What Is Aguinaldo?
Aguinaldo refers to an annual Christmas bonus that businesses in Mexico are required by law to pay to their employees. The payment, sometimes called the thirteenth salary, must be made by Dec. 20 of each year.
Companies that fail to make an aguinaldo payment may get fined between three and 315 times the legal daily minimum wage. Some other Latin American nations, such as Costa Rica, also require employers to pay an aguinaldo to their employees.
- Aguinaldo is a legally-mandated annual Christmas bonus paid by businesses in Mexico to their employees.
- Only a small portion of Mexican workers, however, actually receive their aguinaldo since many workers are hired informally and are only loosely attached to their employer.
- Most of those who get aguinaldo receive at least half a month's wages, with larger, more established firms paying larger amounts.
The Spanish word aguinaldo translates to "bonus." This bonus is normally given to employees in Mexico and other Latin American countries such as Guatemala and Costa Rica for the Christmas season in addition to their regular salaries and other benefits. Employers in Argentina and Uruguay give their employees an aguinaldo in two payments—one in June and the other in December.
Labor laws require employers to pay the bonus to their employees every year. The aguinaldo is equivalent to at least 15 days' wages and may be prorated if the employee has been with the company for less than a full year. For example, if an employee earns $180,000 per year, they receive an aguinaldo payment of $7,500, or $180,000 ÷ 12 months ÷ 2.
Most aguinaldos amount to at least 15 days' wages, although larger corporations pay employees as much as a full month.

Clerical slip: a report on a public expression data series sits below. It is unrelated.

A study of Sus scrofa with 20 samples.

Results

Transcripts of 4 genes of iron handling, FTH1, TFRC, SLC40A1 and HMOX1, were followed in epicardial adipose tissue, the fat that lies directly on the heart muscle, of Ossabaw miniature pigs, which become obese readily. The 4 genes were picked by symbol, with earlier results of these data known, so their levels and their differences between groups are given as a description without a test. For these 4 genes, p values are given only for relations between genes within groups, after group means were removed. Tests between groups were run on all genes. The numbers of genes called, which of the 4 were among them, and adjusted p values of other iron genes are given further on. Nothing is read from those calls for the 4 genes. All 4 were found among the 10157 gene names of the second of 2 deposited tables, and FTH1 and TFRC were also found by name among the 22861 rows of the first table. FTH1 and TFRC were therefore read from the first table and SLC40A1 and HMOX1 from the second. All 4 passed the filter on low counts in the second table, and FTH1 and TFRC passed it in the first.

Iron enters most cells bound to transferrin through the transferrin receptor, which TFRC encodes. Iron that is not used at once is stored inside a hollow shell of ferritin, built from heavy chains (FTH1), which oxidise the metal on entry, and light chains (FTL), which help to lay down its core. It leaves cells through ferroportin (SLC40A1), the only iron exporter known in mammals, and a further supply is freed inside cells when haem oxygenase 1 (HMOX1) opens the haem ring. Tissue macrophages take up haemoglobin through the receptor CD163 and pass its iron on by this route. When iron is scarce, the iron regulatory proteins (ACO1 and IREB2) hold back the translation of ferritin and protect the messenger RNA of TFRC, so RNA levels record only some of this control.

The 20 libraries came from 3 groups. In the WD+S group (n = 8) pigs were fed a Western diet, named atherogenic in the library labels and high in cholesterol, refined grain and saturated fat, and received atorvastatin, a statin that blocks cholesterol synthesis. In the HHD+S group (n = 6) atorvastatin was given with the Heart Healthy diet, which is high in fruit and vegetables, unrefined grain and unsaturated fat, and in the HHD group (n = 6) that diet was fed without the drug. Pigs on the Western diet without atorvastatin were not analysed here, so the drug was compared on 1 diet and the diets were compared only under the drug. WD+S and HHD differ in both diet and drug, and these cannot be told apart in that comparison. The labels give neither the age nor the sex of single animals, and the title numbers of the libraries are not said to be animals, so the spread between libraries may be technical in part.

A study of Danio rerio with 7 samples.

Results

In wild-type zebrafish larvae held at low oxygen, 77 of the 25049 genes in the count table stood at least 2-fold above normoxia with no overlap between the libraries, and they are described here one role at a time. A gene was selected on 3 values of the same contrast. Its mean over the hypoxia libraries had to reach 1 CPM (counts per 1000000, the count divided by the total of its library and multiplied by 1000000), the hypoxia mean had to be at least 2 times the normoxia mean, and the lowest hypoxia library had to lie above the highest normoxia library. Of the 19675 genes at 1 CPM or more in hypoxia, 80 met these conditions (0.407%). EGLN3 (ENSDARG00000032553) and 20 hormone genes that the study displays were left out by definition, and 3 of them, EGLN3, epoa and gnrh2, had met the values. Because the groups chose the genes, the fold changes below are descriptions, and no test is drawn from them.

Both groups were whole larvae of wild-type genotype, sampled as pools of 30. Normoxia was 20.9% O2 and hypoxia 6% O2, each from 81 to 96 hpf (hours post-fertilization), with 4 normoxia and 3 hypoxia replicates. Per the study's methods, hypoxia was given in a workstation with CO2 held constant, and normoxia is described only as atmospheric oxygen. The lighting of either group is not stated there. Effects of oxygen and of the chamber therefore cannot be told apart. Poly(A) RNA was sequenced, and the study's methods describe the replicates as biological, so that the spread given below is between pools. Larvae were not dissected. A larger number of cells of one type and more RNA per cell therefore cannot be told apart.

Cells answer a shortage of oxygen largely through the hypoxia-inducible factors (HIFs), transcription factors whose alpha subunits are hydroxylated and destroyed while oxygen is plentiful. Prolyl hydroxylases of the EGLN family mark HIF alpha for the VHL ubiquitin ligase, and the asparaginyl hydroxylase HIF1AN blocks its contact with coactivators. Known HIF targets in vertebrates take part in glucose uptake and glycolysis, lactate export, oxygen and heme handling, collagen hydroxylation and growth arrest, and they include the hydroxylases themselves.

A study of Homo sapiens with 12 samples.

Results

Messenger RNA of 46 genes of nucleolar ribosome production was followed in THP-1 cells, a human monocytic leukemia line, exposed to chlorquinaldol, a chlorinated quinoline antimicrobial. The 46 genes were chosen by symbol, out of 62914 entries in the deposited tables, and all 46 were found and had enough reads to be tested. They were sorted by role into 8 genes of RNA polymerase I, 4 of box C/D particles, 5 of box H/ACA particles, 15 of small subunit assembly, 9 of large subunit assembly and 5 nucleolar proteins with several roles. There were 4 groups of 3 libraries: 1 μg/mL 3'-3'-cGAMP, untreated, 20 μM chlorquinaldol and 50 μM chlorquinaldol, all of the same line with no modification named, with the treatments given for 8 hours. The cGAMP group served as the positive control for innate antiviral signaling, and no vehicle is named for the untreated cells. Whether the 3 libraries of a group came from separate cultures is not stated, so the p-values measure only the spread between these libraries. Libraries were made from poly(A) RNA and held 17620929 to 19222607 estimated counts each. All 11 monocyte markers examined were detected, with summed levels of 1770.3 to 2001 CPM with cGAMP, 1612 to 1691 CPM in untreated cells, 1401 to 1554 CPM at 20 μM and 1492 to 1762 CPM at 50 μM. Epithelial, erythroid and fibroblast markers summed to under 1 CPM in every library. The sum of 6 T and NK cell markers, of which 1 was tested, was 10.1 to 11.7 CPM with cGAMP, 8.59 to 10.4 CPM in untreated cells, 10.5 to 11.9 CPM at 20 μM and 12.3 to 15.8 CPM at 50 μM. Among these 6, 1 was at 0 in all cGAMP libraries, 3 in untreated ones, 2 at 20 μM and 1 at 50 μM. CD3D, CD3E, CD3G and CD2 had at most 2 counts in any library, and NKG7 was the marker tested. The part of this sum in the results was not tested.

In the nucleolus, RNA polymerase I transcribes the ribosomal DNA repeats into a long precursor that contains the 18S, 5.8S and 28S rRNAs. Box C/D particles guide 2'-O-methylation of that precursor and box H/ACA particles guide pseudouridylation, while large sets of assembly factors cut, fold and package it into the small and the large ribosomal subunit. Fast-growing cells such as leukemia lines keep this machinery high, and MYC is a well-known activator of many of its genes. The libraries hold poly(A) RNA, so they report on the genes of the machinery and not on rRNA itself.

Large companies may pay employees 30 days of wages, which is effectively 13 months of salary per year. This is why the aguinaldo is sometimes referred to as the thirteenth salary.
Employees are not required to pay income tax on their aguinaldo payment of an amount equivalent to 30 days of the legal daily minimum wage. For example, if the minimum daily wage is $60, the tax-exempt amount of the aguinaldo is $1,800, or $60 x 30 days.
All employers are legally required to pay their employees an aguinaldo. Foreign workers who hold appropriate employment documentation are also entitled to receive a bonus.
However, only a minority of Mexican workers actually receive the payment, due to unfavorable working conditions such as informal contracting and temporary employment. For example, a part-time gardener who has not signed a formal contract with their employer may not receive an aguinaldo payment. Some people may choose to tip their workers—maids, postmen, delivery people—before the holidays even if they aren't required to do so.
The thirteenth salary is also paid to employees in other parts of the world, including Asia and Europe. Whether or not the payment is voluntary or mandatory, and how much is paid, varies by country.
In Bolivia, it is mandatory to pay a second aguinaldo if the country's gross domestic product (GDP) increases by more than 4.5%.
Benefits and Limitations of Aguinaldo Payments
The aguinaldo provides a seasonal boost in demand for retail products such as automobiles, appliances, clothing, and furniture. Roughly 70% of aguinaldo income gets spent in department stores. Some employers increase aguinaldo payments to boost sales during El Buen Fin—Mexico’s equivalent to Black Friday.
Employees who receive an aguinaldo payment are more likely to show loyalty to a company that values them. Loyal employees are typically more productive and less likely to leave, which reduces recruitment and training costs.
Critics of the aguinaldo believe that these mandatory payments may put financial pressure on struggling companies that could result in layoffs and/or closures. To combat this risk, companies are permitted to make aguinaldo payments to their employees via installments, provided that they don't defer the entire payment.